Despite recently publishing an article based on the social aspect of gaming there is no doubt that it is generally considered something you do alone.
That being said there are some games that scream out for multiplayer options. Take Call of Duty, for instance, they took the bold move of creating a version of their game with no single-player mode at all. But in this day and age do we need single-player games?
For as long as we have had modern games and flashy graphics we have had campaigns. When you really think about it, even Super Mario had some kind of story underpinning it, even though literally nobody gave a crap about it. But in modern games, especially in shooters, it has become expected. In fact, even sports games have dabbled with some form of campaign mode. But why do we need them?
It’s fun Jim, but not as we know it
Single-player modes are great for gamers who aren’t great. They usually come with a difficulty setting and if you still stuck on the easiest mode at least you don’t have to face the scrutiny of your peers. Generally, single-player games can be more in-depth. There are seldom multiplayer games with cut scenes and character interactions. The exception to this is MMORPGs which have sadly become less common in the modern era.
But we are social animals
Of course, this is a truism. We are social creatures by default. We like to spend time with our fellow man (and woman) so with that in mind perhaps Activision was right in making their franchise without a story mode? It is just a shame because actually in the past their campaigns have been memorable. Who could possibly forget the infamous airport scene where you gunned down waves of innocent civilians in Modern Warfare 2? But there is a lot to be said for throwing on a headset and trash-talking your enemies or coordinating strategies with your teammates. Some of my most memorable gaming night come in the form of late-night sessions on Gears of War or the multiplayer on Red Dead and GTA.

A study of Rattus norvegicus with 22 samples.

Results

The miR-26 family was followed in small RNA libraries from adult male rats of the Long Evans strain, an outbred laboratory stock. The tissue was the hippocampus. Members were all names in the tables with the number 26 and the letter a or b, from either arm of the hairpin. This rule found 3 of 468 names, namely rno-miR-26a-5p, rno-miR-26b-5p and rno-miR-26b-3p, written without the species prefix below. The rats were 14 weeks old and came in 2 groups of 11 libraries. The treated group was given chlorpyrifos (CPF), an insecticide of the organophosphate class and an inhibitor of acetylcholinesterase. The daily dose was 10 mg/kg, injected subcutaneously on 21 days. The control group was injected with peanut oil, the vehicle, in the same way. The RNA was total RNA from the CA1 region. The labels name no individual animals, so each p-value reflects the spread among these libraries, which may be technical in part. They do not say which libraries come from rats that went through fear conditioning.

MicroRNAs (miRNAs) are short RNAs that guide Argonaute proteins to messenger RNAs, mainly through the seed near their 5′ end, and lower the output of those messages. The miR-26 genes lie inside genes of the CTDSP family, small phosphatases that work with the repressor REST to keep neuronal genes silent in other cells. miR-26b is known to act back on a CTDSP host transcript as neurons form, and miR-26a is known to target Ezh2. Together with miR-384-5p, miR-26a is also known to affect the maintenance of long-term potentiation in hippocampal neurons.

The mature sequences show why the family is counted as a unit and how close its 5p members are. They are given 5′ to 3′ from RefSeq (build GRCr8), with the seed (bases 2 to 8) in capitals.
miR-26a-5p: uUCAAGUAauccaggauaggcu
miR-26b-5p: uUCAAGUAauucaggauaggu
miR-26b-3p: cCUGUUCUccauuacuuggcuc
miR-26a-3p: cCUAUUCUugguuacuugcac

So do we need multiplayer?
So often these days games shoehorn in some kind of multiplayer or single-player facets because they fear a backlash if they don’t. Some games work well with both. Take Gears of war as a for instance, but some games just really don’t need both elements. The recent Star Wars effort is a prime example. Sure they could have given us some kind of multiplayer element, but we have Battlefront 2 for that.
Because the game knew what it was it was able to focus solely on that. In the video game world it is far better to master a trade then be a jack of all of them. Games work best when they are focused and that is what makes Jedi fallen order so captivating. Of course, you can make a game of a similar ilk and give it a multiplayer mode, but so often when that is done, it feels tacked on, so why bother? Why not just have a game you can throw on when your mates arent online?
So we are saying games don’t need to be multiplayer?
I mean, no is that short answer. I’d rather play a single-player game that works well then a multiplayer effort that works less well. In the future I’d like to see more games like Mass Effect, and what’s more, games like Mass Effect where you can play the campaign in a multiplayer way. Just how devs would handle interactions with those dynamics is beyond me, but in an era where game evolution seems to have stuttered and where multiplayer is becoming more highly sought after, perhaps this needs to be the direction gaming is going.